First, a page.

My Hyperlite Windrider pack is a fairly minimalist design with one large compartment that has a roll-down Velcro and clip closure. There’s also a y-strap on top. I have two deep hip belt pockets, and two mesh pockets on either side of the pack as well as one larger mesh pocket on the back. I organize my pack with mindfulness towards the weather and ease of access for gear I’ll need throughout the day.
When I prepare for the day, the main compartment is completely empty. I fill my camelback water pouch with the amount I need depending on how far the first water source is from camp, and I put that in my pack first. Next, I stuff my Zenbivy quilt, sheet and pillow into a Hyperlite pod with my sleeping bag liner. This goes at the very bottom of my pack; I like the pod because it’s fairly water resistant and fits snug in the bottom of my pack. I fold up all my camp clothes and put them in a gallon ziplock bag to keep them dry; this goes in next to my Zenbivy zip pouch full of electronics. I then tetris my rolled Zenbivy sleeping pad, my first aid kit, glasses/contacts case, and my cook kit. My food bag goes next. Next, I’ll stuff my puffy down jacket into the cavity. If it looks or feels as though it might rain, I’ll put my rain jacket in an outside pocket; otherwise, I’ll stuff it into the main compartment as well. Once everything is in, I’ll roll down the top and compress everything down the best I can so it’s not bouncing around as I walk.
On the left mesh outside pocket, I place the rolled up tent ground sheet, tent stake bag, trowel, bag of toilet paper, and bug spray. On the right mesh outside pocket goes my Smart water bottle, my tyvek tarp in case we cowboy camp, and my snacks for the morning.
I roll my rain pants into a small log and stuff them at the bottom of the large outside pocket on my pack. I also fit my Katadyn gravity water filter, chip bag (in a large ziplock bag so they don’t get soggy…I’ve made that mistake before), and trash bag in the same pocket. I have a Kula cloth that I snap to one of the exterior loops. One thing I love about the mesh pockets is that I can store wet socks for easy drying when the sun is out! I use the y-strap to keep my fleece on top of my pack so I have easy access.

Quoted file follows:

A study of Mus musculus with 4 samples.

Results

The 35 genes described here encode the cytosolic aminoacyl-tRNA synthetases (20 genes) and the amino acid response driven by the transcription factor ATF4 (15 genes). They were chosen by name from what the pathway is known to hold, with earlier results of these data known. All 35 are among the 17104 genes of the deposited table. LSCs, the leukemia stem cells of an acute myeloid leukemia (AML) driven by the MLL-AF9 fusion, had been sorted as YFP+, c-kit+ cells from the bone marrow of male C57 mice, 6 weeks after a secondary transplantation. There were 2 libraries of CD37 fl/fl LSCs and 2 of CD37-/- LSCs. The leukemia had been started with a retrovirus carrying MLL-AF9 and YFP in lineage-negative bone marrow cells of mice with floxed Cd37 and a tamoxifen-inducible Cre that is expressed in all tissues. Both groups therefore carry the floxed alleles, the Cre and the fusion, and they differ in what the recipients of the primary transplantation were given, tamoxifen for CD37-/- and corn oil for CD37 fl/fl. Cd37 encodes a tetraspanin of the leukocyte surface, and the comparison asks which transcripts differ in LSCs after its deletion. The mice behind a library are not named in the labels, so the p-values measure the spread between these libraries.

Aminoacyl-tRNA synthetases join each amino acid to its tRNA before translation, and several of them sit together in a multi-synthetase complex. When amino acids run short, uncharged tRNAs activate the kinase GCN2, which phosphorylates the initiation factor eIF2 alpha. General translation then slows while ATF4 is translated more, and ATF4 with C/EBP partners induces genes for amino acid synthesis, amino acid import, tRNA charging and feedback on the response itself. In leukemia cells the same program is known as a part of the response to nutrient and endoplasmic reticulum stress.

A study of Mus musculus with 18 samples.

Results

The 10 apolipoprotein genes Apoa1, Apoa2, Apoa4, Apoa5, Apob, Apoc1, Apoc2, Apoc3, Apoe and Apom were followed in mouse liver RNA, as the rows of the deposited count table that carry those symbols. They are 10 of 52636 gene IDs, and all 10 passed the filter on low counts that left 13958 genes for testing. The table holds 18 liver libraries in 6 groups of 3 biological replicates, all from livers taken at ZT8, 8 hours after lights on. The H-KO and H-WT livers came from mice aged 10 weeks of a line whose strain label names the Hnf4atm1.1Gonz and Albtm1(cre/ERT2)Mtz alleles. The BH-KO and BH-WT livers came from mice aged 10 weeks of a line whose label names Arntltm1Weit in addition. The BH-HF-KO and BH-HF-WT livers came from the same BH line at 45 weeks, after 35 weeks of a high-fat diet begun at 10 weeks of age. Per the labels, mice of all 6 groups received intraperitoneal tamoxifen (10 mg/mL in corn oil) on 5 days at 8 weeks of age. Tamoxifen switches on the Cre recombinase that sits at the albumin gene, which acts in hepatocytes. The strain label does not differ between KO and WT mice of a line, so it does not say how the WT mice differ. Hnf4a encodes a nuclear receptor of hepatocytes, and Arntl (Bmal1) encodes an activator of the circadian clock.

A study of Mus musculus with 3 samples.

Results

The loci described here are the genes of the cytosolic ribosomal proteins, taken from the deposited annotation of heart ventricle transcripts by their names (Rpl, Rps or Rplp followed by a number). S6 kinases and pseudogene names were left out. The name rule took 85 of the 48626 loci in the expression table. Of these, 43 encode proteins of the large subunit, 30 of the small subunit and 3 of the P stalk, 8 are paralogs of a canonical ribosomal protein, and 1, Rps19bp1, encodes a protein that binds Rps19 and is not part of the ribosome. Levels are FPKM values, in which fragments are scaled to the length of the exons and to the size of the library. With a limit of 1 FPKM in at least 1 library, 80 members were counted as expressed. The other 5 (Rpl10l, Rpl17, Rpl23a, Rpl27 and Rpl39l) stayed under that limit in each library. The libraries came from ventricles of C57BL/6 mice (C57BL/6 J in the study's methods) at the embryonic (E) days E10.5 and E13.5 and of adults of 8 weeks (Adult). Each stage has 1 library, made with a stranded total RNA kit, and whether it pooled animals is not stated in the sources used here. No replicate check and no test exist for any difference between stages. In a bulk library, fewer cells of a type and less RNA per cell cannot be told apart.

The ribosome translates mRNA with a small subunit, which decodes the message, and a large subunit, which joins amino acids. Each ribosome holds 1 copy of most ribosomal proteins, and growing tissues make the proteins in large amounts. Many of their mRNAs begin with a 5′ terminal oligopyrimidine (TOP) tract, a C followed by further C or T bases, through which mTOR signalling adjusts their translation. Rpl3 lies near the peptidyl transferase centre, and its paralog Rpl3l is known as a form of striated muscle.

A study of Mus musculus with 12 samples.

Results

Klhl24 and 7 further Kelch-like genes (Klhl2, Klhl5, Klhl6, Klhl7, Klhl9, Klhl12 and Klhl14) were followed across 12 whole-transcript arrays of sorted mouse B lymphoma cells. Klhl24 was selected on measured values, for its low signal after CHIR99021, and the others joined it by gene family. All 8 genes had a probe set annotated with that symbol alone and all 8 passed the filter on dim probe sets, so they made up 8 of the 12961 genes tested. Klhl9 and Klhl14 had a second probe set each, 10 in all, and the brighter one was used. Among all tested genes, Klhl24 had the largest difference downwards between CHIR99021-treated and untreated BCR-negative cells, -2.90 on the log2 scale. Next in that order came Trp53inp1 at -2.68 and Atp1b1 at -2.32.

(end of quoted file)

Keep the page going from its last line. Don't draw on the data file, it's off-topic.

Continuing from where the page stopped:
I keep my phone and wallet in my left hip belt pocket. In my right hip belt pocket, I keep my hand sanitizer, face sunscreen, chapstick, pocket knife, small canister of mace, ibuprofen, and Claritin.
When trail conditions call for snow gear, I use the ice ax loop to fasten the ax to the pack. I keep my microspikes in the outer mesh pouch for easy access, as well as my rain shell mittens. When necessary, I use the y-strap to fasten my bear canister to the top of my pack.
Our hiker friend Twist grew up in Portland, OR. He had a whole itinerary of people he wanted to see on particular weekends. Lucky for Journey Man and myself, Twist invited us to join him for a couple weekends. We first met Twist’s parents, Steve and Laurie, in Sun River. They
A couple days in to the time off trail in Seattle, I had to sit with myself and ponder the real possibility that I might not return to trail. It was such a disappointing thought. It made me mad. And sad. I didn’t want to be done hiking. I had two of the most talked about sections still left to complete—the North Cascades and the Sierra...
Due to injury and wildfire-induced trail closures, Journey Man and I flipped back down south to Northern California to fill in miles that we skipped previously— 622.3 miles to be exact. We hopped back on trail from Burney and took our time working up the miles.